By Nick Servi, The Circuit.
Benedictine College just ended its 31st Social Justice Week program, which ran Feb. 12-17. Each day featured events that encouraged social justice for all people.
Social Justice Week kicked off with morning Mass at the Abbey Church and two showings of “Outcasts,” a documentary film from Grassroots Films about the Franciscan Friars of the Renewal.
The film discussed the Franciscans work of spreading the faith to the most impoverished of the world’s society and those stuck in addictions. It focused on their work in New York, Ireland and Honduras.
Question and answer sessions with Producer Joseph Campo, who is also a co-founder of Grassroots Films, and two of the Franciscan friars, followed each screening.
Marie Putbrese, senior, liked the film because Campo also directed “The Human Experience,” one of her favorite films.
“I really like ‘Outcasts’ because the filmmakers did a really good job of showing the humanity, rather than the sin, of the people they interview,” Putbrese said. “They were trying to convey that even people who are looked over by society are still human and have worth—that it’s necessary to uphold their dignity.”
Putbrese believes BC should put on more films like “Outcasts” because of its focus on the humanity of the individuals involved.
“I think it’s great for the college to bring in movies like ‘Outcasts’ because a lot of movies have bad values,” she said. “This movie had good values.
Other events sponsored by BC during Social Justice Week included the art exhibition “Social Justice: Seeking Humanity” hosted by the Art Department from Feb. 13-17, and “The Local Reality of Food Insecurity” panel discussion by the Hunger Coalition on Feb. 13.
Student volunteers also set up a “refugee tent” outside the John Paul II Student Center in order to bring awareness to the cause of Middle Eastern refugees on Wednesday, Feb. 15.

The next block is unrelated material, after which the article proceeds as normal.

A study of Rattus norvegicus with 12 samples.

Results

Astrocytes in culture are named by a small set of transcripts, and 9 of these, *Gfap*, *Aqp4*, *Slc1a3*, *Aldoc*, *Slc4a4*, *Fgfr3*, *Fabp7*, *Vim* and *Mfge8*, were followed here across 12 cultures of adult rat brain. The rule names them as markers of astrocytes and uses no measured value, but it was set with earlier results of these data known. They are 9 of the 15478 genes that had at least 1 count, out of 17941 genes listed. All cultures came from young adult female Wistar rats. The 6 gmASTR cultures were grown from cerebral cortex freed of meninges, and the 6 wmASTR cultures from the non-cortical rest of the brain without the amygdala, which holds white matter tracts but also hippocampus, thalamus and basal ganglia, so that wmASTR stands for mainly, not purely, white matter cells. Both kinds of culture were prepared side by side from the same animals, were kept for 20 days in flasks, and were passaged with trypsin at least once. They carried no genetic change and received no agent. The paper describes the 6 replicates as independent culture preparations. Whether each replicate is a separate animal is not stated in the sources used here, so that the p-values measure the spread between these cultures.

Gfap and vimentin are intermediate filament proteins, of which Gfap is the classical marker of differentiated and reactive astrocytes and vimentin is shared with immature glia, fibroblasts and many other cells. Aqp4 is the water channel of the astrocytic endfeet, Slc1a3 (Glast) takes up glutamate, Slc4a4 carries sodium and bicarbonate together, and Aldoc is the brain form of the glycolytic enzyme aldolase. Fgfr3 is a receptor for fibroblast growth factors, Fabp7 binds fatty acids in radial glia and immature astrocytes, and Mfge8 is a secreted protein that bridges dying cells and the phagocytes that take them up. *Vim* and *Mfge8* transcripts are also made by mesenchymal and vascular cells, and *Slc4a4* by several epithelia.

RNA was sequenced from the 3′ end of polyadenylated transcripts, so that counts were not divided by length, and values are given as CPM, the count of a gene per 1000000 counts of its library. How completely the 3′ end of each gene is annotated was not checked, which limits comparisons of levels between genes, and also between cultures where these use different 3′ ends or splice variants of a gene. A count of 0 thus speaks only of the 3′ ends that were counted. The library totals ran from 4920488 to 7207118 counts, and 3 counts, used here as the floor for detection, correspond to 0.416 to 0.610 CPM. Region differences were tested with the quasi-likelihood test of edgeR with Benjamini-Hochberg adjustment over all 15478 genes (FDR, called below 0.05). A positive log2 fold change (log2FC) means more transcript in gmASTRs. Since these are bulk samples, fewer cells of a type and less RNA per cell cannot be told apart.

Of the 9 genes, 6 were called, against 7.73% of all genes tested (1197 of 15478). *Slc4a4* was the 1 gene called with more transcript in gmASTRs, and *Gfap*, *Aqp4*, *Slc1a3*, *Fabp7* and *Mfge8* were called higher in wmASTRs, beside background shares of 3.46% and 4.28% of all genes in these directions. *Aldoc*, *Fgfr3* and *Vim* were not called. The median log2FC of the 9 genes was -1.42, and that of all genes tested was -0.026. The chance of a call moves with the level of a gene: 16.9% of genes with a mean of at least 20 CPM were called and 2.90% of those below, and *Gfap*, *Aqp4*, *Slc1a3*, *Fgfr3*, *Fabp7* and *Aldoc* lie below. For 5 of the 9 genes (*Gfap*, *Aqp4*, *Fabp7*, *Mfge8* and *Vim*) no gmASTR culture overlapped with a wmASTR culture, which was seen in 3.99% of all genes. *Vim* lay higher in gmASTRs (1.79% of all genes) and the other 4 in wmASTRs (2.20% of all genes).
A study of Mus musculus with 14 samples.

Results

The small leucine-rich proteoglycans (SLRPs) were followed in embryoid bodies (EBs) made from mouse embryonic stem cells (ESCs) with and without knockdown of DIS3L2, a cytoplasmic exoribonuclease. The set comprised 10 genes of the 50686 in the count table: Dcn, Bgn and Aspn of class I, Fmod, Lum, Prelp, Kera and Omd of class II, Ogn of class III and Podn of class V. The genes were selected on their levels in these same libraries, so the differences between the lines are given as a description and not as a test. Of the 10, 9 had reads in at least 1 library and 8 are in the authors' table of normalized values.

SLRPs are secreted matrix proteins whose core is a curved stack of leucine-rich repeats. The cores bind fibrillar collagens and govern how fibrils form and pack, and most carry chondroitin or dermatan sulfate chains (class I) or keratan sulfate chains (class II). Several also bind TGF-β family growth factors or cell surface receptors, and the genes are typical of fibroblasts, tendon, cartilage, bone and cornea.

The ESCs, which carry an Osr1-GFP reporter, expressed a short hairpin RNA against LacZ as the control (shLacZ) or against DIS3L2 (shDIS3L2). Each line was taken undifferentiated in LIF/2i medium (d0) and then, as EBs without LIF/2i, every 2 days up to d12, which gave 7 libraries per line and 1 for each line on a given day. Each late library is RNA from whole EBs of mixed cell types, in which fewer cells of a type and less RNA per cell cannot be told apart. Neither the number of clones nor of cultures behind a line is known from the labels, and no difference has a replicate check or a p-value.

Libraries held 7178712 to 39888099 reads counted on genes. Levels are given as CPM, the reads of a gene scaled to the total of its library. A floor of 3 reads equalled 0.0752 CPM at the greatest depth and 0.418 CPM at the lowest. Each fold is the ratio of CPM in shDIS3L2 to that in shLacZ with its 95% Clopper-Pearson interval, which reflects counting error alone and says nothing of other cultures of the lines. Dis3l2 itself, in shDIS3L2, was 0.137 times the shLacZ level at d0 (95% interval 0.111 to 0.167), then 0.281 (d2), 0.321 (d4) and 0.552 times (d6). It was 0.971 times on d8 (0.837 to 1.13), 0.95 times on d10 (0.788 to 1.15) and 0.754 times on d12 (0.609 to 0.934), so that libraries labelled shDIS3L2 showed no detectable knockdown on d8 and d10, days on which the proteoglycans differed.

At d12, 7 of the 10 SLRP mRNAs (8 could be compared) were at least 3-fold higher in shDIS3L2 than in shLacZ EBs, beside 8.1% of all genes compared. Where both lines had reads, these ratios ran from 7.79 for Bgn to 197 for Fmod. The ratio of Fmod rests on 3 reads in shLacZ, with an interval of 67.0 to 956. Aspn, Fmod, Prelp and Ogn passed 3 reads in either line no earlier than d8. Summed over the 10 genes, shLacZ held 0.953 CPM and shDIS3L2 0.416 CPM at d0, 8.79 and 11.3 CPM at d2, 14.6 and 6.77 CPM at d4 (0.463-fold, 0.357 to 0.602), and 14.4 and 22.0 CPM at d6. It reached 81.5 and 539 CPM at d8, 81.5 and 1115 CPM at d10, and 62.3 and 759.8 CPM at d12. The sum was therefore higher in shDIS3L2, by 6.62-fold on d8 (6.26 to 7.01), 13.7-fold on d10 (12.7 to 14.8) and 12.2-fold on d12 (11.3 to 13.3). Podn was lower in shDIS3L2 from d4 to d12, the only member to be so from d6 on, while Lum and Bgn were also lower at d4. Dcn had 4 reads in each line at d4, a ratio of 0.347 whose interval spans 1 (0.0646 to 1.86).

The Black Student Union gave a presentation about the present-day racial climate in America on Feb. 17. The guest speaker was John Leonard Harris, president and founder of Encouragement Unlimited, Inc., an organization that provides motivational, educational and community-based services for individuals from all walks of life.
The Sociology Club also hosted an event on Feb. 15 where they had attendees eat a “refugee meal” and hear the experiences of three people who worked with refugees.
Dr. Karen Wood, Sociology Department, who is the advisor for the Sociology Club, discusses the club’s active role in Social Justice Week over the past several years.
“One of our club’s founding principles has been social justice and service to the community,” Wood said. “We have worked to have a seat at the planning table of Social Justice Week. It is one of our main events of the year.”
Wood believes Social Justice Week is an opportunity for service clubs on campus to host speakers and events that are important to them.
“Social Justice Week is designed to give the BC community an opportunity to explore issues of social justice from a number of different angles,” Wood said. “It’s also an opportunity for us as a college community to create awareness, contemplate, pray and, for some, begin to act for social justice. The week is a nice blend of club partnerships, academic perspectives and ministry.”